Should parents be able to opt kids out of state mandated assessment tests, or should the district enforce rules necessary to have the complete data to assess students on a year to year basis? That was the question facing the St. Michael-Albertville School District earlier this month as the STMA School Board heard a first reading of policy 618: Assessment of Student Achievement, in which superintendent Dr. Jim Behle and other district leaders have recommended an addition to the policy that would mandate participation in locally selected standardized tests.
Current policy allows parents to opt their children out of these locally selected exams, such as the DIBELS test for grades K-4 and the NWEA (also known as MAP) testing that students in grades 2-10 currently take one to three times per school year, depending on grade, to chart their individual growth. Behle said these exams are instrumental in helping teachers see where students are succeeding, where they need additional help and to partially to determine which students qualify for extra interventions or advanced classes.
If the school board approves the district leadership’s recommended additions to this policy, parents would be unable to opt their children out of these tests. They can, however, still opt their children out of state-mandated tests such as MCA exams and student surveys.
Behle said the number of parents, district-wide, who choose to opt their children out of the locally selected exams is small, perhaps two families who have contacted him. But he said district leadership feels that participation in assessments is helpful to educators so they can make the best decisions to support student learning, monitoring curriculum and goal setting.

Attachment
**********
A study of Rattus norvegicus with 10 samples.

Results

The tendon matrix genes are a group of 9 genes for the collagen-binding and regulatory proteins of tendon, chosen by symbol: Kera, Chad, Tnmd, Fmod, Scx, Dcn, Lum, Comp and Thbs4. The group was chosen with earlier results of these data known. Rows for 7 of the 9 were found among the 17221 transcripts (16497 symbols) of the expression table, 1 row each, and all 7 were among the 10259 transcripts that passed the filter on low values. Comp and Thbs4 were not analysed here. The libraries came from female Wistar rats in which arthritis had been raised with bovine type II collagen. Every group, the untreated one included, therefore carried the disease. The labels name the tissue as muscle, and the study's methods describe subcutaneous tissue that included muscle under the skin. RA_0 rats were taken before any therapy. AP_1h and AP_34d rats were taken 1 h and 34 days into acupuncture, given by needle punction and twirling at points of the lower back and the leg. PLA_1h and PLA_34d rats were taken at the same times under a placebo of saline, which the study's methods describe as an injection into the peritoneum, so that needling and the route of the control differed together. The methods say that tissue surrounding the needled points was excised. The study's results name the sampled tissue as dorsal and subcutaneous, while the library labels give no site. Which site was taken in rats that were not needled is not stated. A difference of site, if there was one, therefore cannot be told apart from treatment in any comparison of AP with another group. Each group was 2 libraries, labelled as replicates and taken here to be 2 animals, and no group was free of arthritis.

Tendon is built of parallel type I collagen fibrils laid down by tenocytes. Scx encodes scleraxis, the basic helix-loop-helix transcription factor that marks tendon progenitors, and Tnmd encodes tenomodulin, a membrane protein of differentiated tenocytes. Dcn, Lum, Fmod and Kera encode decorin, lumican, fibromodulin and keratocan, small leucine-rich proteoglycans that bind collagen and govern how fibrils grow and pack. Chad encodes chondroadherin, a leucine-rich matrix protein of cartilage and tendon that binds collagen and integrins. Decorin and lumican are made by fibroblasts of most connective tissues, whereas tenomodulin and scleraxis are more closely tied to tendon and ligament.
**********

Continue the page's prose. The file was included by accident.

“Our intent is only because we think this data is valuable,” Behle explained. “We have a curriculum, we want to monitor that curriculum. We want to monitor individual student progress.”
Behle said that the formative assessments that teachers use throughout lessons are useful, but that they would also like a standardized assessment so they can benchmark students and have a more universal score to guide them on decisions about which students may need additional support or advanced instruction.
A few parents spoke out against this proposed policy change at the meeting, saying they felt the change would infringe on parental rights. One commenter worried about the data mining that she said goes to the state through many of these tests.
“It puts a lot of third parties in control of our students’ information, and I think that parents and teachers are perfectly capable of determining if our children are doing well in school,” commenter Hollee Saville said.
Saville also brought up that she is curious how schools are sticking with mandated limits on test taking between locally selected and state-mandated exams. The limits are 11 hours per academic year for grades 7-12 and 10 hours for grades 1-6.
Behle responded that MCA exams, ACT tests and advanced-placement exams are excluded from the testing limits, and an audit last year showed the district was under the limits when looking at the length of time it takes a typical student to complete the test. In addition, Behle said, district leaders have looked for ways to decrease testing, such as eliminating fall NWEA tests and measuring student growth from one spring to the next instead. So far they have only enacted this change at the middle school level, but he said they are looking into eliminating the fall NWEA at the elementary level as well.
An audience member who is also a teacher said she worries about taking away parent choice, and questions how integral the testing really is and whether it is worth the classroom time spent.
“I have had third-graders who would spend two hours at a time on each MAP test,” she said. “That’s 12 hours a year of them putting in really hard effort, time that they could be doing project-based learning or doing inquiries, they could be dancing, doing music or other things more significant in their lives than a test.”
Board chair Doug Birk said they would be voting on the matter at the Tuesday, Jan. 19 board meeting, and encouraged parents to reach out to the board or administration with questions, feedback or concerns.